Beware of copyright in architect’s plans


Whilst there are many advantages to buying land with the benefit of planning permission, you should also consider whether there may be obstacles to you being able to use that planning permission post completion. As a recent case has highlighted, one of the main issues is the copyright of the architect’s plans.

What is copyright and how is the owner protected?

Copyright seeks to protect the form of expression of ideas and not the ideas themselves. Copyright belongs to the author (or creator) of the original material, unless the author assigns ownership to another person. It does not matter if similar or identical material already exists, provided it has not been copied.

The copyright owner has the right to copy the material, Issue copies of the material to the public and adapt the material for other purposes.

The starting point is that only a copyright owner may copy the copyright material.  A copyright owner may license another person to copy its materials. (The copyright owner may also assign its rights.)

Without a licence (or assignment), the risk is that using the architect’s drawings would breach the architect’s copyright, which could lead to liability in damages.

Who is affected by copyright when dealing with planning permission?

Copyright material created during a construction project will be used throughout the life of the building, from construction, marketing, repair and maintenance, to demolition. An architect’s drawings could be used in each of these stages during the life of the building.

Many different parties may need to use the copyright material due to the range of purposes required. It is typically required by parties with an interest in the project, such as a developer, a contractor, a professional consultant, a building owner, a tenant, a managing agent or a party providing finance in relation to a project.

Case law and legislation

Some local authorities provide information on their website regarding copyright stating that:

“Plans, drawings and material submitted to the council are protected by the copyright acts (section 47 of the Copyright, Designs and Patents Act 1988). You may only use material which is downloaded and/or printed for consultation purposes, to compare current applications with previous schemes and to check whether developments have been completed in accordance with approved plans. Further copies must not be made without the prior permission of the copyright owner.”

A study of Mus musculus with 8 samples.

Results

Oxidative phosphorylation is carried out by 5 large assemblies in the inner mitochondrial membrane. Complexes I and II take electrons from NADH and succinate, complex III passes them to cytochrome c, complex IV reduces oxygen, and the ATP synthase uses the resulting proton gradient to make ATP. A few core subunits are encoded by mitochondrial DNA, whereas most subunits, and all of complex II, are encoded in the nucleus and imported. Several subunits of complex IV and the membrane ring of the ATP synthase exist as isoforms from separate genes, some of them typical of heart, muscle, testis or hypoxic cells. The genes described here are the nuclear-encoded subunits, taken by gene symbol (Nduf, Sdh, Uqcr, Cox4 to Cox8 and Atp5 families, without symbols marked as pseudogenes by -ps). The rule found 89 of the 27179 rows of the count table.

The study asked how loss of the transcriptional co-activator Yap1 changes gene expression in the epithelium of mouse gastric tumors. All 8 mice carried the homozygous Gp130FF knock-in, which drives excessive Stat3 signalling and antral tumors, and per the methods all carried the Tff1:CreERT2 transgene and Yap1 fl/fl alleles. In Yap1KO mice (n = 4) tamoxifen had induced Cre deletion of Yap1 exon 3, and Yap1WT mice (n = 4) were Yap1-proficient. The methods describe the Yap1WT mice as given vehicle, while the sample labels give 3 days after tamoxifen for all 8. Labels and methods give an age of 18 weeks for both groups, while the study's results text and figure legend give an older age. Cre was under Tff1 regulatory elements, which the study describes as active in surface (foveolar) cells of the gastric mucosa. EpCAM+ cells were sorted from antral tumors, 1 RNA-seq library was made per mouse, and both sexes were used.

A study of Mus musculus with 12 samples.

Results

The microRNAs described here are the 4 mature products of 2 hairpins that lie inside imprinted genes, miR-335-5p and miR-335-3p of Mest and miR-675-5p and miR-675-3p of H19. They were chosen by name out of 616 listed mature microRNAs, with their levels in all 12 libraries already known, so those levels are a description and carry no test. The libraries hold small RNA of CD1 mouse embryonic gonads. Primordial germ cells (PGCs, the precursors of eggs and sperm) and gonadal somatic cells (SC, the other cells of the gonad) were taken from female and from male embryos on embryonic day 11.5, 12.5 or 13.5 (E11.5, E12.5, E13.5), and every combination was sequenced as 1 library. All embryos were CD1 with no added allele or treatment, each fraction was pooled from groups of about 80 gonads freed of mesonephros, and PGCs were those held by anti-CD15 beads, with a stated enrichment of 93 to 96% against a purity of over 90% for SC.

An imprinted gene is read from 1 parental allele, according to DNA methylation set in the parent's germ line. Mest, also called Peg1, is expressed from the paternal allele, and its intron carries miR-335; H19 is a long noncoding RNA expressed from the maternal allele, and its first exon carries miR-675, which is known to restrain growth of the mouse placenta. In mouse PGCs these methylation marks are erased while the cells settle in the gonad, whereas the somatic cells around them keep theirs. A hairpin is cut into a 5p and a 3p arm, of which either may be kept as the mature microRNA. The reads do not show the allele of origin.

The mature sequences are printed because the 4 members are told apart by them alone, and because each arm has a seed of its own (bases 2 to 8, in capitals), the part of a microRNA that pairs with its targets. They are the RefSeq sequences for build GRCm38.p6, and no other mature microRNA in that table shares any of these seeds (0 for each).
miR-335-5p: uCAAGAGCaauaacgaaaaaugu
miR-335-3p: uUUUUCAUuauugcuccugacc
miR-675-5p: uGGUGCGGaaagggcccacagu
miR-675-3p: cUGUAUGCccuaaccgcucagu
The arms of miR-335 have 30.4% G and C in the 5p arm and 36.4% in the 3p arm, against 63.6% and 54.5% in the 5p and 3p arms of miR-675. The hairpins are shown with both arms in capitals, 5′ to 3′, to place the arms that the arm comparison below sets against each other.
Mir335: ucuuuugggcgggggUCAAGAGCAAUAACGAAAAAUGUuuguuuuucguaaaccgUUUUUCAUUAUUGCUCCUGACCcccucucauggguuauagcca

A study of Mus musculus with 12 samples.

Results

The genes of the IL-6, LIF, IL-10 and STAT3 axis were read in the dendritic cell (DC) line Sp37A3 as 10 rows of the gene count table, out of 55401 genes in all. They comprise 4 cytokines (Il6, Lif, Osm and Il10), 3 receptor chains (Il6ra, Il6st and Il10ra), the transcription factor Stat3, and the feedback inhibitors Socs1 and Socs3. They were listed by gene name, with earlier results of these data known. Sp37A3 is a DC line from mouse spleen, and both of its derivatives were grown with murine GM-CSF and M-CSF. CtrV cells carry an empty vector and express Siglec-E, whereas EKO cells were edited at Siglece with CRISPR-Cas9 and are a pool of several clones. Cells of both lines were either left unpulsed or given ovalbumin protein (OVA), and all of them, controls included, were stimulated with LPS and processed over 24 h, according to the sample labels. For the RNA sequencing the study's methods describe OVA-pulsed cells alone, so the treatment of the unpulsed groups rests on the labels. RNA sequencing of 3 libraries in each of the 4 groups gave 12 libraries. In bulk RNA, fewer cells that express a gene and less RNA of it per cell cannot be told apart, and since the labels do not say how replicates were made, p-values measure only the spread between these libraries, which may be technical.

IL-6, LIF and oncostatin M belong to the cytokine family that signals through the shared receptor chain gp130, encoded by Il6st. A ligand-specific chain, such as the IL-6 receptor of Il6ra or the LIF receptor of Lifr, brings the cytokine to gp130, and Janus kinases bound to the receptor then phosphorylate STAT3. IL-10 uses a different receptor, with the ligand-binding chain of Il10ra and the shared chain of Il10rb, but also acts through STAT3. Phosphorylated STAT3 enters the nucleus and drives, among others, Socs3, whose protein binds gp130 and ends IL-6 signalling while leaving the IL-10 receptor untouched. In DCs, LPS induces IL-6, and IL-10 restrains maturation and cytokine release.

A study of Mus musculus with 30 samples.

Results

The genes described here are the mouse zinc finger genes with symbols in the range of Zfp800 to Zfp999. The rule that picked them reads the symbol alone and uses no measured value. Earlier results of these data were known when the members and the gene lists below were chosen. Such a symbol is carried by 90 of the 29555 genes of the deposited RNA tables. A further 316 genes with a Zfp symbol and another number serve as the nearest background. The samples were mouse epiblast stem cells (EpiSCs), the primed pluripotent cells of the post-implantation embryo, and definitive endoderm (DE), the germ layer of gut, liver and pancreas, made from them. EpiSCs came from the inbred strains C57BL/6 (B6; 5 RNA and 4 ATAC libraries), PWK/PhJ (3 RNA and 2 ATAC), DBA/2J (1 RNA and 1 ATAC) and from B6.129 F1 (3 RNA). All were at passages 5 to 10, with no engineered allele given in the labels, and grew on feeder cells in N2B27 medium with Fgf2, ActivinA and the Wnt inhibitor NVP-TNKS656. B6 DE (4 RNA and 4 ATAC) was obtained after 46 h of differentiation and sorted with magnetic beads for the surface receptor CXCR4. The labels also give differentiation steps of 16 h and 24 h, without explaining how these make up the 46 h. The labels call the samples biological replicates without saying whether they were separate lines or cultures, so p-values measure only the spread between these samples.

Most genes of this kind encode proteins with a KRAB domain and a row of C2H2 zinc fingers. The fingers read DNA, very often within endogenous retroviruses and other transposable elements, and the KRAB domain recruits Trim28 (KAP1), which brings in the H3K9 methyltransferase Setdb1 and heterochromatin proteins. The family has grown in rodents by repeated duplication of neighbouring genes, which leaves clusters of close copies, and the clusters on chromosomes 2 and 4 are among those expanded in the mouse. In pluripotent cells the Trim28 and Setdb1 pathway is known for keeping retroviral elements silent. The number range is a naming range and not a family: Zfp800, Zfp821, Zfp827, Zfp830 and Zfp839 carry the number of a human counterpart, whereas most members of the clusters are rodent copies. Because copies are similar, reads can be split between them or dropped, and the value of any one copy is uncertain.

In 1971, the Court of Appeal decided in the case of Blair v Osborne & Tomkins that, when an architect is engaged by a client to prepare drawings to obtain planning consent for a development, there is an implied licence to the client to use the drawings for all purposes connected with the erection on the site of the development to which the plans relate, and that the client can transfer that licence to a purchaser of the site.

The recent case of Signature Realty Limited v Fortis Developments Limited and Beaumont Morgan Developments Limited was heard on 17th February 2017.

Signature had signed up to purchase land for development through a joint venture company. Between exchange of contracts and completion, they had submitted a planning permission application for the development of a block of student flats in Sheffield city centre and had submitted plans produced by their appointed architects, C&W. Signature had a licence to use the drawings in connection with the development.

The planning permission required that the proposed development be carried out in accordance with C&W’s approved drawings. The C&W drawings were available for public inspection through the local authority’s planning portal and copies could be downloaded for limited purposes. A copyright notice on the drawings identified C&W as the owner and prohibited copying or reproducing without C&W’s consent.

Signature failed to complete and the site was bought and developed by Fortis. Fortis appointed new architects and proceeded with the development with minor amendments to the planning permission granted. Signature became aware of this and acquired an assignment of copyright from C&W. They then brought copyright infringement proceedings against Fortis and another party.

The court concluded that the copyright had been infringed in a number of the C&W drawings. Signature may be awarded damages or an account of profits plus legal costs. If the parties cannot agree the sum between them, the matter will return to the court for a decision.

The recent 2017 case is different on the facts from the 1971 case in that Fortis did not buy the site from Signature. Signature was a third party.

What are the consequences for breach?

The use of copyright material without the copyright owner’s permission is an infringement of the rights of the copyright owner under the Copyright, Designs and Patents Act 1988.

The copyright owner can claim damages for infringement of its copyright. A court may award additional damages for a flagrant breach of copyright or if the infringing party accrued a particular benefit.

It is best practice is to seek the necessary permissions, licences or sub-licences that allow for use of the drawings as part of the purchase. It is also worth checking the appointment under which the professional that owns the copyright was appointed, as that will probably include an express provision relating to copyright. That would usually take the form of a copyright licence, which may be assignable or carry with it the right to grant sub-licences in some situations.